De-mystifying vitamin D
Vitamins & Minerals

De-mystifying vitamin D

5 minutes to read

This article is for informational purposes only and is not a substitute for professional medical advice, diagnosis or treatment. Please reach out to a qualified medical professional before engaging in any physical activity, or making any changes to your diet, medication or lifestyle.

Back in 1913, Sir Edward Mellanby, a medical doctor discovered that that the disease rickets (softening and weakening of bones) was extremely high in the United Kingdom especially in Scotland.¹  He determined that cod liver oil seemed to be curing the disease and hypothesised that Vitamin A, a constituent of cod liver oil was responsible for the prevention of rickets.¹  However, biochemist Elmer McCollum (who incidentally discovered Vitamin A) decided to test this hypothesis and correctly concluded that the factor that cured rickets was a new vitamin, which he called vitamin D.¹  Why call it ‘D’ you wonder? Because it was the next free letter of the alphabet for naming vitamins.


Vitamin D is a fat-soluble vitamin which exists in two forms; ergosterol (vitamin D2) and cholecalciferol (vitamin D3) and is responsible for regulating calcium levels in blood to promote muscle and bone health in order to help prevent conditions such as rickets and osteoporosis.² ³


It is obtained mainly through the direct action of sunlight (90%) or through dietary intake (such as dairy products, eggs and fish).²  It is important to highlight that it is almost impossible to obtain sufficient vitamin D from the diet alone.⁴

The Australian Recommended Daily Intake (RDI) of Vitamin D for adults aged 19-50 is 5 micrograms/day (200 International units (IU)).⁵  However, there is evidence that at least 20 micrograms (800 IU) is required for adequate benefit.⁶

In addition to sunlight and diet, supplements can also be taken. Vitamin D3 supplementation (cholecalciferol) is recommended since D3 is used more effectively in the body. Cholecalciferol (vitamin D3) 1000 IU or 25 micrograms is the supplement most commonly used.⁶


Vitamin D2 is found naturally in sun-exposed mushrooms whereas D3 is synthesised by humans from UVB sunlight.⁷  Humans cannot make vitamin D2 and fish such as salmon, mackerel, and herring contain vitamin D3.⁷

Ultraviolet (UV) radiation from the sun is necessary to produce vitamin D3 in the skin and is the best natural source of vitamin D.⁷  However, UV radiation from the sun is also the main cause of skin cancer not to mention that Australia has one of the highest rates of skin cancer in the world.⁸ ⁹

As Vitamin D3 from the skin or diet is biologically inert, a chemical reaction needs to occur in the liver to form calcidiol (25(OH)D) (which is a reliable indicator of vitamin D status).⁷  However, calcidiol requires another reaction in the kidneys to form the biologically active form of vitamin D, calcitriol (1,25(OH)2D) which then stimulates intestinal calcium absorption.⁷


Vitamin D insufficiency affects almost 50% of the population worldwide.¹⁰

Vitamin D deficiencies can cause demineralisation of bones, resulting in an increased susceptibility to fractures.¹¹  Low vitamin D levels can cause bone and muscle pain resulting in rickets in children and osteomalacia in adults.¹²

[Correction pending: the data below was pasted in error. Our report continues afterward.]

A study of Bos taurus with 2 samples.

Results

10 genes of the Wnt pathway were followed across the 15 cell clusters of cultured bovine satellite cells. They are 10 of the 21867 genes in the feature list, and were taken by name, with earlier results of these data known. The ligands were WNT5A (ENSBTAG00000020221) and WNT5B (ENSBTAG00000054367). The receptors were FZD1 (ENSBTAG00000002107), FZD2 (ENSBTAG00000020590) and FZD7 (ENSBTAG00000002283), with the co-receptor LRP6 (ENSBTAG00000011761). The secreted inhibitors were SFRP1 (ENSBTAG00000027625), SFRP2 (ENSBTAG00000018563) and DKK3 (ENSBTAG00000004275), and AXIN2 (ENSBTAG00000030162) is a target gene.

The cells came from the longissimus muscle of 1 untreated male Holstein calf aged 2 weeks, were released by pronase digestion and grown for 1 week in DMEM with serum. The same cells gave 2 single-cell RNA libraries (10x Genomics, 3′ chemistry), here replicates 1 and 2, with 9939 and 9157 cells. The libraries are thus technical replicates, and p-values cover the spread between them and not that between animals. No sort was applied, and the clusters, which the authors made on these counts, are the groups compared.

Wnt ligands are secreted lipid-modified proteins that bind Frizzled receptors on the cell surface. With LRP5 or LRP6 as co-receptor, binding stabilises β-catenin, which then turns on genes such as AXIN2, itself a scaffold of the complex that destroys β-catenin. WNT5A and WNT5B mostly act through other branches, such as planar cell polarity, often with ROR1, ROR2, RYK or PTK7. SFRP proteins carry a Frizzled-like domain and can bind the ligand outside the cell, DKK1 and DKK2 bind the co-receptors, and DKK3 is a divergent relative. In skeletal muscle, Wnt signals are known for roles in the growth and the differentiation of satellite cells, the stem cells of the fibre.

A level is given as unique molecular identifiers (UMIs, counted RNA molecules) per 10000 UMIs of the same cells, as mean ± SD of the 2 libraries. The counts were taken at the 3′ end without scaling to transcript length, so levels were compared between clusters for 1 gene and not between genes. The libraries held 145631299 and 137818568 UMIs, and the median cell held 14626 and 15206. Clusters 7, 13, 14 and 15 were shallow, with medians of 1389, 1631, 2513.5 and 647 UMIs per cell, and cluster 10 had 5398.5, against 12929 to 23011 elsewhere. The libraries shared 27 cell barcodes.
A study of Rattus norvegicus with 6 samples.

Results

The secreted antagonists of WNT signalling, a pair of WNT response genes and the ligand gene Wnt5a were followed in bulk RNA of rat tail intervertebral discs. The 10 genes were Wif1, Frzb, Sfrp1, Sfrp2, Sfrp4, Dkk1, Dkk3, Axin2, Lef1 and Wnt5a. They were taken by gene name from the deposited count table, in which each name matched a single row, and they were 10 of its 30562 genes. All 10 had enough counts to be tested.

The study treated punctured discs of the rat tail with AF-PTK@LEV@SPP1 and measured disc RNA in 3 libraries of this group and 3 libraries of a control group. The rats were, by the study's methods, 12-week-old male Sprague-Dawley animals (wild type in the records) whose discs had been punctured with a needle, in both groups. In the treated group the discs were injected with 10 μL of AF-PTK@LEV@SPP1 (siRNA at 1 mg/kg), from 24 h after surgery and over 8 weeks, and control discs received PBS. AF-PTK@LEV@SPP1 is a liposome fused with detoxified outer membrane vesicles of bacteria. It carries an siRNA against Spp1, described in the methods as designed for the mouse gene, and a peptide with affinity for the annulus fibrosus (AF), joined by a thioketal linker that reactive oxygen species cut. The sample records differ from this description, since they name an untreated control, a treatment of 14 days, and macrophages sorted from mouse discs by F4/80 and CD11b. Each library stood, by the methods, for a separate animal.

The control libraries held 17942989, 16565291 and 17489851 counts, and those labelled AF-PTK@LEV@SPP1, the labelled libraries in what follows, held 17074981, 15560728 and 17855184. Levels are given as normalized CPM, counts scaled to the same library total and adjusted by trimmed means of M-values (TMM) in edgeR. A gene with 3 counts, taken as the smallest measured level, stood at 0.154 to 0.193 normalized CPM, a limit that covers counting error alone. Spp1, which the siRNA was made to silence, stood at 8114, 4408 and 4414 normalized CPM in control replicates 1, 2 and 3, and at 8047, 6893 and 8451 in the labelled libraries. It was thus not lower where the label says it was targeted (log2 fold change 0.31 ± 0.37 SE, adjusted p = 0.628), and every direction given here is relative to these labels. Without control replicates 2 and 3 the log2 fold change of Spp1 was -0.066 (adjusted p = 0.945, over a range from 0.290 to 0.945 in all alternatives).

There is no definitive value that indicates that an individual is vitamin D deficient, however most sources generally consider levels lower than 50 nmol/L as suboptimal for adults.¹³ The Australian Health Survey 2011–12 found that 23% of Australian adults had Vitamin D levels below 50 nmol/L.¹⁴

Vitamin D deficiency is also associated with the development of cardiovascular diseases¹⁵  and various types of cancer and autoimmune disorders.¹⁶


Although the classical actions of vitamin D are to promote calcium homeostasis and bone health, Vitamin D is also thought to play a role in maintaining the immune system.³ ¹⁷

Early evidence of vitamin D’s stimulant properties on innate immunity came from reports about tuberculosis treatment with cod liver oil.³  More current studies have elucidated that calcitriol (active form of Vitamin D) enhances the antimicrobial effects of cells, which fight against Mycobacterium tuberculosis (the bacteria which causes tuberculosis).³

A double-blind placebo study using nasopharyngeal swab culture and a therapeutic dose of vitamin D showed that vitamin D administration resulted in a statistically significant (42%) decrease in the incidence of influenza infection.¹⁸

Additionally, a recent review of the role of vitamin D and influenza concluded that the evidence of vitamin D’s effects on the immune system suggest that it should reduce the risk of influenza, but that more studies are required establish a causal relationship.¹⁹


Vitamin D is responsible for regulating calcium levels in blood to promote muscle and bone health with insufficient intakes resulting not only in the classical deficiency diseases of rickets and osteomalacia but also in increased bone metabolism and fracture risk. 

Vitamin D is also emerging as a promising vitamin for immune health with accumulating evidence warranting further research. 

Make no bones about it, Vitamin D is an essential nutrient which is vital for everyday health.